No Nuts About It!!
people often think of nuts as a high-fat snack they ought to steer
clear of, recent studies reveal a surprising parallel between the
consumption of certain nuts and a lowered risk of coronary heart
University's Nurses' Health Study observed the diet of over 86,000
nurses from the ages of 34 to 59, for 10 years. Women who eat more than
five ounces of nuts a week (including peanuts/peanut butter) have a 35
percent reduction in risk of total coronary heart disease, compared to
women who eat only one ounce of nuts a month or none at all, according
to Dr. Frank Hu, lead author and research associate at the Harvard
School of Public Health, and principal investigator of the study.
Several theories explain why nuts are beneficial to coronary health.
Nuts have a heart-healthy fat profile. They are a good source of
unsaturated fats, including monounsaturated and polyunsaturated, and
contain little saturated fat. As a plant-based food they contain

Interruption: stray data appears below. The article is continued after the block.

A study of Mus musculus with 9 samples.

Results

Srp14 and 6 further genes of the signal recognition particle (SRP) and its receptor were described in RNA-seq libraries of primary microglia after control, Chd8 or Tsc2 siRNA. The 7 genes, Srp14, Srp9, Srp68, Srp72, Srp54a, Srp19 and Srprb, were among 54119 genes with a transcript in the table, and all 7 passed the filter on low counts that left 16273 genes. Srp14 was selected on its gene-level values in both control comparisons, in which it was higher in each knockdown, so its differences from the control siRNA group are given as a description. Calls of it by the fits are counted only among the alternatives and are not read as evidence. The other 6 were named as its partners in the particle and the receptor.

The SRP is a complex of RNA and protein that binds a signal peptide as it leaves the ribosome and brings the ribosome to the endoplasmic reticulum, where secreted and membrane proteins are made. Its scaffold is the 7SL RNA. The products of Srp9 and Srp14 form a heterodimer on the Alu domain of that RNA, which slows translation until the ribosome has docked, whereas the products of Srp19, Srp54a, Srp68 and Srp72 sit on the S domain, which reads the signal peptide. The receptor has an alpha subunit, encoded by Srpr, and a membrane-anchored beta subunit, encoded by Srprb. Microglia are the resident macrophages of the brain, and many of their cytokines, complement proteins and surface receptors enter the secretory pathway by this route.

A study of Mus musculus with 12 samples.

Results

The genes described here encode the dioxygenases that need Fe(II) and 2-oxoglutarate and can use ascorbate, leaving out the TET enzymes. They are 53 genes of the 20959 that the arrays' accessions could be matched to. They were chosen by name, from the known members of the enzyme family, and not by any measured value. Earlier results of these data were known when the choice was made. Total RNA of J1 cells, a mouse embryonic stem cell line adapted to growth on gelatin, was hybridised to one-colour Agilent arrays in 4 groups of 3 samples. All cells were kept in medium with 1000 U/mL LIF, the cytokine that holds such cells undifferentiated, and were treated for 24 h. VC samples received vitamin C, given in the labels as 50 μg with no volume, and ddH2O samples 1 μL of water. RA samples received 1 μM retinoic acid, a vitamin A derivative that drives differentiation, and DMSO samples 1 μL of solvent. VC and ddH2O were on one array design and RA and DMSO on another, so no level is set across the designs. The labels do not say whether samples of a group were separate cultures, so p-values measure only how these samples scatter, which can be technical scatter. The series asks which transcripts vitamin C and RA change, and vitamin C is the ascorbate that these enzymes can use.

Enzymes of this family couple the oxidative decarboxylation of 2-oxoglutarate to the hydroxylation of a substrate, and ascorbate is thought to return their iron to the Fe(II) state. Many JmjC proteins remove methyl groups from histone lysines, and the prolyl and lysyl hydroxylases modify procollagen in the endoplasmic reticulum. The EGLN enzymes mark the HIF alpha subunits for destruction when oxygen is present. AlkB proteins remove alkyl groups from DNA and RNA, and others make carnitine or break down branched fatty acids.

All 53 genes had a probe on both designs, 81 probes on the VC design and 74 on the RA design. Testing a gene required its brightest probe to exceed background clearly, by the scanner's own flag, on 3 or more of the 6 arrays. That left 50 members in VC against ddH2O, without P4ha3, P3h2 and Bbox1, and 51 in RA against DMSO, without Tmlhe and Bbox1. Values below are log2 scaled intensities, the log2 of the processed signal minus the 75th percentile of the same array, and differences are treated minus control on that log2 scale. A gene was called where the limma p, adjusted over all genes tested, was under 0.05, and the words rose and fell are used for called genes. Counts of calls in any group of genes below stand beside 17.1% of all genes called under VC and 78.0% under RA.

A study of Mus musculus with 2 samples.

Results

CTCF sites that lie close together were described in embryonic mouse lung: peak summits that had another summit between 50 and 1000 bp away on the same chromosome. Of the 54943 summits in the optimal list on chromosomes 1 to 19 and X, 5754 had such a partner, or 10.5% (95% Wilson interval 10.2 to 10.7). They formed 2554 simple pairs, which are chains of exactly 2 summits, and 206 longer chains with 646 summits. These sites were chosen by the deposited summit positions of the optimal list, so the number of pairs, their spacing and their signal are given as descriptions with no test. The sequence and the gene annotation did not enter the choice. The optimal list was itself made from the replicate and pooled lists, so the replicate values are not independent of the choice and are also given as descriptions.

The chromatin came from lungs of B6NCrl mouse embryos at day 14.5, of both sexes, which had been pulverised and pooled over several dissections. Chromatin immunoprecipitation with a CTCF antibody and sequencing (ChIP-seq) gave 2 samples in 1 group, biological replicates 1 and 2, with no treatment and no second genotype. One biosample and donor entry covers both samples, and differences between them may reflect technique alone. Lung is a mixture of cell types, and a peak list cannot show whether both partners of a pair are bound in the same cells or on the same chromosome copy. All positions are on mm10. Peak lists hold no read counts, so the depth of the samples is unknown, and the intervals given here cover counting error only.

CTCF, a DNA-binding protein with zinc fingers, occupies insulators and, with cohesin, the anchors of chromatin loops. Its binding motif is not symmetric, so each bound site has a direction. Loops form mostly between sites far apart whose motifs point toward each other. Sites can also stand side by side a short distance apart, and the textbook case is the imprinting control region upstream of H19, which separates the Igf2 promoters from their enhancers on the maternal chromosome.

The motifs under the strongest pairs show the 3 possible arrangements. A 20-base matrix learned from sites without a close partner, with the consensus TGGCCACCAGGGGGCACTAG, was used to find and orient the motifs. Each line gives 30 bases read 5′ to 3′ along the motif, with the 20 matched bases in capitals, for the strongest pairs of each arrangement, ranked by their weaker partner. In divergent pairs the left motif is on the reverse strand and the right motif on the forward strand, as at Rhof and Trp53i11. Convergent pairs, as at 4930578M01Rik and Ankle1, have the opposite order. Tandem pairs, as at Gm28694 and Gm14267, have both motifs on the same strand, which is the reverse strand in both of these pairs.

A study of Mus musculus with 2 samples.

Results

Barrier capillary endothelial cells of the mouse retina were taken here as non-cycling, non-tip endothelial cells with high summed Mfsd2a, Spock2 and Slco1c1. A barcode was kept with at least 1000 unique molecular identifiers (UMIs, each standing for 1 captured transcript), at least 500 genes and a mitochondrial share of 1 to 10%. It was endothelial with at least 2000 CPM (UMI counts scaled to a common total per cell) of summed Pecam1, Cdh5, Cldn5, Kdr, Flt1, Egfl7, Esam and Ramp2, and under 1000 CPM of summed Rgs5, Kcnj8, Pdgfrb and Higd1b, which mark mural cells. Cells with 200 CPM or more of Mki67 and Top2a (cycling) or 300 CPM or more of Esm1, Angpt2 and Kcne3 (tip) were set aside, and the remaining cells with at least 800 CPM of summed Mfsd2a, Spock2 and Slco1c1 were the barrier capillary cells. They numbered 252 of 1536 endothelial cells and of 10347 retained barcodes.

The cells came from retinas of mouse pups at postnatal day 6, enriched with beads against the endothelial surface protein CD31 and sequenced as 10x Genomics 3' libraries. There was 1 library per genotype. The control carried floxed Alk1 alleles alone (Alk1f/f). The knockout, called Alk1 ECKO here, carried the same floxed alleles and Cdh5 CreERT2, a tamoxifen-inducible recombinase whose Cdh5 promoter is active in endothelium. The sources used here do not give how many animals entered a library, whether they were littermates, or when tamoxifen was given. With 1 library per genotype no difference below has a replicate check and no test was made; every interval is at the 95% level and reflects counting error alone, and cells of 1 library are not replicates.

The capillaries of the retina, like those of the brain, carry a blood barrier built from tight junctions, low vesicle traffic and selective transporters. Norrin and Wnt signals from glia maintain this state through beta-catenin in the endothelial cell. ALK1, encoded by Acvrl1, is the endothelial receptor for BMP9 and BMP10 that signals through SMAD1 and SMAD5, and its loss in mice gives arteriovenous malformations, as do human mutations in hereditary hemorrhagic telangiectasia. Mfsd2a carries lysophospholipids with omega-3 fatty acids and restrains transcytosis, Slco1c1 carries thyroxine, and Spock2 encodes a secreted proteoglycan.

absolutely no cholesterol.
Most nuts are a rich source of the amino acid arginine, a precursor of
nitric oxide. Nitric oxide helps increase blood flow to the heart and
helps inhibit blood clotting.
Nuts contain significant amounts of magnesium, vitamin E, fiber,
copper, potassium, and alpha-linoleic acid — all of which are
beneficial to coronary health.
which heart-healthy diets have been supplemented with relatively large
amounts of almonds have shown significant reductions in total blood
cholesterol and low-density lipoprotein cholesterol (the so-called "bad
cholesterol") levels, but preservation of high-density lipoprotein (the
"good cholesterol") levels.
other heart risk factors — such as age, smoking, eating fresh
fruits and vegetables, exercise, and intake of vitamin supplements
— were taken into consideration, the results remained the same.
becoming increasingly clear that the evidence for heart-healthy
benefits from nuts is mounting," said Hu. "Americans should stop being
afraid of nuts and learn to fit this nutrient-rich and likely
cardioprotective food into their diets."
For additional information or recipe ideas, check out the Peanut Institute Web site at www.peanut-institute.org.